This project is about the ESS Sabre ES2093 DAC chip. This one is the least expensive DAC chip from the whole line up of DAC’s manufactured by ESS Technology. What i wanted to do here is to make something like an evaluation board which can be almost universal.
ESS Technology might not be quite a famous among audiophiles or electronics fans. They have this kinda odd marketing policy that puts them on the edge of OEM and retail markets. However thy are manufacturing some very high specs chips (DAC’s and ADC’s) and supply them to many manufacturers of high quality AV components like OPPO and many others.
The famous Buffalo DAC is built around an ESS 32-bit DAC. More info on this one can be found here:
Of course with this project I’m not aiming on beating a complete high-end DAC’s like the Buffalo. What I want is to have this board as an upgrade to any low-end delta-sigma DAC. Besides the fact that it is a low-cost chip does not mean that it’s not worth a try. I believe that a proper designed board and a good power supply can make a low-cost DAC like the ES9023 sound very good. The history knows some good examples of CD players using low-cost DAC’s but sounding very good indeed.
More info about the ES9023 DAC chip can be found here:
Unfortunately this is just a product brief but it gives some basic information. Due to the ESS Technology policy I can post the complete technical datasheet. If you want to have it you would need to contact some of the local ESS Technology distributors.
As you can see this little DAC offers a complete solution. It includes digital filtering, DAC, and output stage. However I’m including a buffer option on the PCB as I don’t really know the driving capabilities of the DAC alone. Some fancy cables actually have huge parasitic capacitance and can make the life hard for the little DAC.
So this is what the schematic looks like:
You might note that the DAC is powered by 3.6V (and not the standard 3.3V). This is due to the output swing hitting the supply rails. The chip has an internal charge pump that generates the negative rail so that the output signal is centered around the 0V (no coupling capacitor required). The manufacturer had increased the supply voltage to 3.6V to prevent the output stage from clipping.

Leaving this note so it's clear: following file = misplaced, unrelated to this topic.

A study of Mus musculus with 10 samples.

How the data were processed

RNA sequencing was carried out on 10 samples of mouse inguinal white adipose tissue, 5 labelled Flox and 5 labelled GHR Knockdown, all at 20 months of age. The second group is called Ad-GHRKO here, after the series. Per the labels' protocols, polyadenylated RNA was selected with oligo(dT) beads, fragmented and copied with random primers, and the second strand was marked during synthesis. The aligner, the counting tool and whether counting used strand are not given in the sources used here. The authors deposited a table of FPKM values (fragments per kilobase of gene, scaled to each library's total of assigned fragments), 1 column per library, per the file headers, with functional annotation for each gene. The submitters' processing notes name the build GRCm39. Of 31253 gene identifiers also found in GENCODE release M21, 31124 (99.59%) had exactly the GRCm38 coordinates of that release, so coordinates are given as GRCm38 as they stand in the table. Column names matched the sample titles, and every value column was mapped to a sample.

Few words about the power supply circuit. The output buffer formed bu IC6 and IC7 is powered by a simple voltage regulators 7815 and 7915. Nothing interesting here. The DAC chip is powered by a low noise low dropout voltage regulator with a series pass element. Q2 and IC4 form a voltage reference. Its output is filtered by a low-pass filter formed by R2 and C6 and fed to the non-inverting pin of a low-noise opamp IC5. The output voltage is set by the two feedback resistors R3 and R4. C7 is placed across the opamp to improve stability.
The overall noise performance of this regulator is outstanding. The opamp’s noise is critical. For lower cost version you can use NE5534 but some additional compensation is required. Don’t forget to include a 33-68pF capacitor between pins 5 and 8.
I have included an input for an external clock source. This is implemented with one SMB connector. The solder joint SJ1 serves as a switch point. If you are using the external clock SJ1 must be desoldered.
The jumper JP1 is there to set the input format. It can be either left justified or Philips – I2S. The JP1 settings a re the following:
JP1 – CLOSED – I2S
JP1 – OPEN – LEFT JUSTIFIED
The output buffer stage is formed by two unity gain opamps. Those are subject to a personal taste of course. I have made the PCB with sockets to make it easier to switch the opamps.
This is how the pcb looks like:
The PCB has a small prototyping area just in case. Many modifications might be needed so its always a good thing to have some place for additional components.
Update 09.12.2012 – I have made some changes to design. Revision B is now available for download.
Update 22.03.2013 – Added EAGLE *.brd files for downloading
THIS PROJECT IS AVAILABLE FOR PERSONAL USE ONLY. COMMERCIAL USE OR MANUFACTURING PCB’S FOR SALE IS NOT ALLOWED.